By Edward Shanahan
Despite a long-time addiction to newspapers, I gave up buying and
reading the weekday Boston Globe more than a year ago, a habit I
thought I would never want to kick.
But kick it I did and I feel better for having done so.
I'm now working on the next step in my self-improvement effort -
giving up the Sunday Globe, which increasingly disappoints as strewn
sections, quickly read and disposed of, litter the floor around
In recent weeks, Globe editor Matthew Storin has tried to put a
happy face in his notes to readers as to why we should prefer a
Sunday Globe absent a separate New England section, especially those
of us living west of Interstate 495. He also wants us to do without
the stand-alone book section, which now has been merged with a shrunken
Focus section, which means considerably less space devoted to articles
and opinion pieces about issues and ideas of substance.
He cites as reasons for these changes the decline in advertising
revenue and the parallel increases in the cost of newsprint. Thus,
economies are required, economies dictated by the owners of the
Globe, the stockholders of the New York Times Co.
It has been five or six years since the Times bought the Globe from
the Taylor family, local owners and publishers of many generations,
for a reported $1 billion. For a few years, the Times allowed the
Globe to continue to operate more or less independently of New York,
but now the Times management is fully in charge.
A recent exchange of e-mail messages with my friend Tom Mulvoy,
who was managing editor of the Globe until he allowed himself to
be bought out and retired last fall, produced the following assessment:
"It's a pity what is going on at my old workplace. The Taylors never
would have cut muscle out of their paper to meet short-term financial
needs; they'd have borrowed or taken some other route, not cut Focus
into a skeletal embarrassment or eliminated New England and our
Hobbies page or trimmed the newshole by 10 percent or placed ads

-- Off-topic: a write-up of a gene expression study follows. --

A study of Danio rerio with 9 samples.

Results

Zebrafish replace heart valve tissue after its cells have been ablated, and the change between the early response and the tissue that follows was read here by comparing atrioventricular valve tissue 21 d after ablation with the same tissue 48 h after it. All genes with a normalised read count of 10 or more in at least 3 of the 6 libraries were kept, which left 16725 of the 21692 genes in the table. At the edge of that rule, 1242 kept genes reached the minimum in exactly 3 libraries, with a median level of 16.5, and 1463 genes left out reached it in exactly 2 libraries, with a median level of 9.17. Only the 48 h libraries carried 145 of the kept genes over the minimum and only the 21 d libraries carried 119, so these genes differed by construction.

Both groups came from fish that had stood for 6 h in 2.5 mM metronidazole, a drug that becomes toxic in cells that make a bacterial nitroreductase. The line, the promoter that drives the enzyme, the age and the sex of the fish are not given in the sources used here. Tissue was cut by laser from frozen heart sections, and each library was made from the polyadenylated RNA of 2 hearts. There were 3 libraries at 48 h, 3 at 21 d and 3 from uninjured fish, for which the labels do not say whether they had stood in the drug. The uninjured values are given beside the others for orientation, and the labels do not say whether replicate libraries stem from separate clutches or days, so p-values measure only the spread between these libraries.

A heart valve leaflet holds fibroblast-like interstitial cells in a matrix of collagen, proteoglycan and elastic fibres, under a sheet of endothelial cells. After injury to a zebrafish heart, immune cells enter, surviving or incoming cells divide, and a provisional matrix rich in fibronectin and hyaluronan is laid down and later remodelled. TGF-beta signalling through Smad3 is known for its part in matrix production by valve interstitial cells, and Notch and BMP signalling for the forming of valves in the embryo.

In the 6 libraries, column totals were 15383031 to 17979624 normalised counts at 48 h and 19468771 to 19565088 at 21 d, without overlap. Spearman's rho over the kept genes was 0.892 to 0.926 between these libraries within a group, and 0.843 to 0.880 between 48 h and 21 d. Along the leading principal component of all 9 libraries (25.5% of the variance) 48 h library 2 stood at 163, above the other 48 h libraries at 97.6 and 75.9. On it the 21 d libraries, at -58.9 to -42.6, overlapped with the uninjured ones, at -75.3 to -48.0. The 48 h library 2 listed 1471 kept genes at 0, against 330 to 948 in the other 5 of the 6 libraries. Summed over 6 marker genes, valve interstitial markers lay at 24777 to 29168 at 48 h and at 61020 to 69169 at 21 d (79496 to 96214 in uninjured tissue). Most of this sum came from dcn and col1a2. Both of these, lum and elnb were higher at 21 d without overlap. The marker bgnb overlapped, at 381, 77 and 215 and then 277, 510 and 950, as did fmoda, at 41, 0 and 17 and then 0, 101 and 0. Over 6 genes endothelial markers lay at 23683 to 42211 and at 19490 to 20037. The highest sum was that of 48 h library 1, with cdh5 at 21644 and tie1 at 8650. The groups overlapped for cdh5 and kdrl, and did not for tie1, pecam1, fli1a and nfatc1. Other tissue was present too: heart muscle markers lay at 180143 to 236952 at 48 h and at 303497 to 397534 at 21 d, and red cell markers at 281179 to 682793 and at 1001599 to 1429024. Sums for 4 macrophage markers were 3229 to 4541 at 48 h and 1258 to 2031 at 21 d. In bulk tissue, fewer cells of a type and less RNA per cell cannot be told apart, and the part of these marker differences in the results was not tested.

on Pages 2 and 3.
"That is the Times way, though, with all of their properties save
the one they publish in Gotham, which is untouchable (understandably).
My dread is that slowly and surely they are consciously reducing
the Globe to the status of just another Times Company property (Fort
Lauderdale North) and not the second largest jewel in the bag.
"They sent buyout letters to 800 people three weeks ago, hoping
to persuade thereby 250-300 people to leave. It looks like the newsroom
will lose about 40 people, most of them steady old hands. The publisher
we got from the Times in July 1998 seems tone deaf to the Globe's
institutional rhythm, or maybe he just doesn't care to listen to
the beat. One of my former colleagues says 'there's very little
reason to smile around there these days.'
"I am glad I am out of there after giving them 34 years and 6 weeks
out of my life."
That is a sad admission from someone whom I admire as I used to
admire the newspaper he toiled for.
Meanwhile, I checked in with Evelynne Kramer, who worked as a reporter
and editor at the Daily Hampshire Gazette, before spending 15 years
as an editor of the Globe, including being in charge of the Sunday
"Indeed, the Globe feels tired (reads tired) and unsure of its mission,
I feel privileged to have been there at a different time when it
was so exhilarating to be part of a major metro daily ... But the
landscape of the American workplace has changed, and somehow, it
is not so surprising that a newspaper (read: the newspaper business)
has changed as well. The Times will always be judged on the quality
of the Times, not the Globe, which, I fear, has become the cash
So blame not the Globe for its deficiencies; shame on the august
New York Times Co., which, as a typical media conglomerate, is anything
One journalist footnote: Stephen G. Smith, who recently was removed
as the top editor of US. News & World Report, long ago worked as
a reporter in the bureau of the Gazette. Freshly graduated from
the University of Pennsylvania, it was Smith's first newspaper job.
And, in fact, Steve was the first reporter I hired in 1971 after
I arrived as editor of the Gazette.
Steve Smith went on to work for the Albany Times Union, the Globe,
Philadelphia Inquirer, and later was as an editor of Time Magazine,
Newsweek, and a host of other publications. Active as a graduate
of Deerfield Academy, he visits this area from time to time. He
will, I suspect, recover nicely from this latest professional pothole.